MotoAmerica Road America 2017: Saturday Summary

The weather at Road America today reflected the mood of the paddock. The day progressed from the darkness and dreariness of a memorial to the brightness of carrying on how our fallen hero would want us to. A steady rain started and stopped several times during morning practices and qualifying before the memorial activities began for the late Nicky Hayden. The tribute started with Nicky’s younger brother and Yoshimura Suzuki rider Roger Lee doing a lap on a street Suzuki GSX-R1000R with a flag bearing Nicky’s unforgettable “69” logo. Roger ended his ride at the podium, where a large crowd remained silent for 69 seconds in honor of our fallen hero. As Roger made his way around Road America’s four miles of asphalt, the rain began to gradually pick up. By the time Roger made it to the podium, the precipitation had built into a steady shower. But as the long silence drew to a close, the rain suddenly let up. While I do not propose that coincidence is evidence of supernatural intervention, the was an awe, a sense, a spirit about those moments. Whether it was Nicky looking down upon those who he had spent the last twenty years inspiring or simply a psychological phenomenon created by a group consciousness we will never know for sure. But in those moments, one could sense how Nicky’s passion had touched an entire generation of motorcycle racing fans.

As rain ended, the clouds gradually cleared and the Supersport/Superstock 600 field was left with a difficult tire choice. Even though the air temperature was coming up and the track was drying, almost the entire field opted for wet weather tires. One notable exception was Valentin Debise (#53). Debise was sitting fourth in the championship despite his two DNF’s at the previous round at VIRginia International Raceway.  The race began as an 11-lap race but was red-flagged on lap 1 due to a crash in turn 5. The race restarted as a 7-lap race, and the still damp conditions pushed Debise wide at turn 1 where he fell back to 24th. At the front, the Y.E.S. Yamalube Graves Yamaha riders Garret Gerloff (#1) and J.D. Beach (#95) took off at the front. Despite the drying line that was forming around the racetrack, Debise was not able to make any real inroads toward the front and finished 14th. In the end, Gerloff was able to stay ahead of teammate Beach for the win, with the factory-supported Honda CBR600RR of Benny Solis (#35) taking his third podium in a row. Several riders were setting their fastest lap times of the race on the last lap despite the wet weather tires getting torn up and greasy.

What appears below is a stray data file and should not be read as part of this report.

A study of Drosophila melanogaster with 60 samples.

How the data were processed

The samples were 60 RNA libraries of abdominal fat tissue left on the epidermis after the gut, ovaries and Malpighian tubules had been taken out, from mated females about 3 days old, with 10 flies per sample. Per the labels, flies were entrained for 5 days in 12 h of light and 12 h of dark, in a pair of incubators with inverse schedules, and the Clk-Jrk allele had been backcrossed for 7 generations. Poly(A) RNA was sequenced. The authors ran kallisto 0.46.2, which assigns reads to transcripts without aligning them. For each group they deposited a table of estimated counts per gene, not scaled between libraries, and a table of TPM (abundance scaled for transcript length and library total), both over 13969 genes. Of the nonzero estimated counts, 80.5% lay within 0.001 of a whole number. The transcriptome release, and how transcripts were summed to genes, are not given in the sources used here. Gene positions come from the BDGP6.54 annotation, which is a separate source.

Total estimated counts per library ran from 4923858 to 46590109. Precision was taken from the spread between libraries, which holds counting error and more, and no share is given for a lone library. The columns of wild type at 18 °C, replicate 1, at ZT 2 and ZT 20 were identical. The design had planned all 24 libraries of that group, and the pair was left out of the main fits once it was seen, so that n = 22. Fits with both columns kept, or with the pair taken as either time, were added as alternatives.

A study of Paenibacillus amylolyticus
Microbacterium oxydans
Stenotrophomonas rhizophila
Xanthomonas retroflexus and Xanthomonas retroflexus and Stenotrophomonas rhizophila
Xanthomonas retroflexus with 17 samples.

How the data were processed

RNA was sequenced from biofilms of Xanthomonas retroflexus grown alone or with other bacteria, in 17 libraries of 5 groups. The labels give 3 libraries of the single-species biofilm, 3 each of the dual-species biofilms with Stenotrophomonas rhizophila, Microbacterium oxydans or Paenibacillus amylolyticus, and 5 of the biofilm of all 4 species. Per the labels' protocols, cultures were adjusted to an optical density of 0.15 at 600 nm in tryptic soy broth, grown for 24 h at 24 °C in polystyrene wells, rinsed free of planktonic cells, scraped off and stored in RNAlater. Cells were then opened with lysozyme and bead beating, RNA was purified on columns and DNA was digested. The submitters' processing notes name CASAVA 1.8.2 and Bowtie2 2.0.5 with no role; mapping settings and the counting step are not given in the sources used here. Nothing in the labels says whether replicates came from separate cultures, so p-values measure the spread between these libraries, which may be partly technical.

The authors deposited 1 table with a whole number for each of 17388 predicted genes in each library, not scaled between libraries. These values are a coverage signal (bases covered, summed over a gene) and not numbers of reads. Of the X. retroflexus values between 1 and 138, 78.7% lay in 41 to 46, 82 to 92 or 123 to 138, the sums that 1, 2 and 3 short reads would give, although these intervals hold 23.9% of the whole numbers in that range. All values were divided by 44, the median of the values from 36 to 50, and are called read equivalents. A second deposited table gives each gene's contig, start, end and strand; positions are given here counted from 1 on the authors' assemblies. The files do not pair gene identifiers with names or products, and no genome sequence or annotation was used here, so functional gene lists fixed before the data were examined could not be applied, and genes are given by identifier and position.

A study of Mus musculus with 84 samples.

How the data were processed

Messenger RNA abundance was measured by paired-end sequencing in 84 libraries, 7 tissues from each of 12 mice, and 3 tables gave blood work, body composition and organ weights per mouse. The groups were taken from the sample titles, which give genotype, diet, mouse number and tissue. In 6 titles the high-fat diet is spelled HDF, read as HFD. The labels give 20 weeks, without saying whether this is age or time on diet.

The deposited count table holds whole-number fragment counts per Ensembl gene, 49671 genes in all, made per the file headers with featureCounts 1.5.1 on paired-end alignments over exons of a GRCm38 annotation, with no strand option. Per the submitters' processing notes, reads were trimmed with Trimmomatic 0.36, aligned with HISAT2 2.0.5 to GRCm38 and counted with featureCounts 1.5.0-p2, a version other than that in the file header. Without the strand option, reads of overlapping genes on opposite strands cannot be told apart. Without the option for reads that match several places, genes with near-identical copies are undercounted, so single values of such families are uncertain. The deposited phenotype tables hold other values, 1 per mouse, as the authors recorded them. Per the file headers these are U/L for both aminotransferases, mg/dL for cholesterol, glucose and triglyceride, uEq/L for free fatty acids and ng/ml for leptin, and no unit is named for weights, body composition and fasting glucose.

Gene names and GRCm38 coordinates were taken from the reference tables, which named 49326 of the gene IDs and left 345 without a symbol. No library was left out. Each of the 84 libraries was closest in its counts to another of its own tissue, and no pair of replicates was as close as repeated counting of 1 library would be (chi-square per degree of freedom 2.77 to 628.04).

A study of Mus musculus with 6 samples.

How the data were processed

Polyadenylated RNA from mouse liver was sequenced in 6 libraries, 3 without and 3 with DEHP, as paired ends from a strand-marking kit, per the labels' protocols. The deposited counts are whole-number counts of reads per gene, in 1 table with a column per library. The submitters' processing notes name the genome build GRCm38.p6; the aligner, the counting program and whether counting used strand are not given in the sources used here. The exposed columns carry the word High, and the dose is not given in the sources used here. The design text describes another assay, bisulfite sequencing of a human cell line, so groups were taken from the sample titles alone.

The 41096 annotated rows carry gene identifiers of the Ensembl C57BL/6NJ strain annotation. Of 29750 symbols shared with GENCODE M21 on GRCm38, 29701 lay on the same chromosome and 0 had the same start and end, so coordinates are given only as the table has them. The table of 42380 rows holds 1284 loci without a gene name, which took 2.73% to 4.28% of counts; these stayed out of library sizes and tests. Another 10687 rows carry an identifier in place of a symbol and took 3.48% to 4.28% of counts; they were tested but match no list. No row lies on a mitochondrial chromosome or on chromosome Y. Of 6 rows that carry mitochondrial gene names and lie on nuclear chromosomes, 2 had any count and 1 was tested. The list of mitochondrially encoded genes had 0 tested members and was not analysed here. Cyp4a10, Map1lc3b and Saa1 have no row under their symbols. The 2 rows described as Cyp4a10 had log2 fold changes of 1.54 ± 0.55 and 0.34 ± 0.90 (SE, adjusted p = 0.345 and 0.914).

By the end of the Supersport/Superstock 600 race, the track had mostly dried for the Superbike/Superstock 1000 race. However, there were still a few damp spots, and Josh Hayes (#4) found one of them in spectacular fashion. Hayes was coming up the hill out of Canada corner when he hit a standing water on the track and was violently high-sided off his Monster Energy Graves Yamaha R1. Hayes was okay, but was unable to start the race. The Superbike/Superstock 1000 race featured a close three-way battle between the remaining Monster Energy Graves Yamaha R1 of Cameron Beaubier (#1) and the Yoshimura Suzuki GSX-R1000Rs ridden by Roger Lee Hayden (#95) and Toni Elias (#24). On the last lap, Elias was in the lead and Hayden passed Beaubier going into Road America’s best passing zone at turn 5. After that, Beaubier went on a charge. First, he re-passed Hayden in turn 6 to re-take second place, then went hard after Elias. Beaubier’s bike could be seen moving around and sliding a bit on corner exit as he gradually reeled Elias in. In the last corner, Elias reported after the race that he made an error on his throttle application that forced him to go wide. This allowed Beaubier to get passed Elias by the narrowest of margins as the two squared off on a drag race up Road America’s iconic front straight to decide the winner. Despite the grunt from the all-new GSX-R motor, Beaubier was able to hang on by 0.005 seconds to take the victory. Hayden finished in third, and Josh Herrin (#2) brought his privateer Meen Motorsports Yamaha R1 home in fourth. Jake Lewis (#85) onboard a Superstock GSX-R1000R took fifth overall in the race, and first in his class. It was Lewis’ first win of the season. During the post-race press conference Lewis reported his feel for the new bike has been growing over the first few rounds of the championship and he expects his performance to continue to improve as the season goes on.

The last race of the day belonged to the KTM RC390 Cup class. For buckeyes, this was a very special day. Buckeye Gavin Anthony (#176), who still competes in the Ohio Mini Roadracing League took the holeshot from a second row start. He slipped back to third at turn 3 while eventual race winner Benjamin Smith (#118) and Justin Blackmon (#618) took a commanding lead over the rest of the field. Around lap 3 of 7, Blackmon and Alex Dumas (#690) were given ride-through penalties for jumping the start. By the end of the race, Dumas was running behind Anthony and Blackmon pulled in to serve his ride through, handing second place to Anthony. Third place went to Draik Beauchamp (#77). Anthony and Beauchamp secured their places by coming out on top of a seven to eight bike pack that ran together for most of the race. Anthony’s finish was most impressive, considering he went wide at turn five on the penultimate lap, and had to battle back through that pack to secure his first podium of the professional racing career.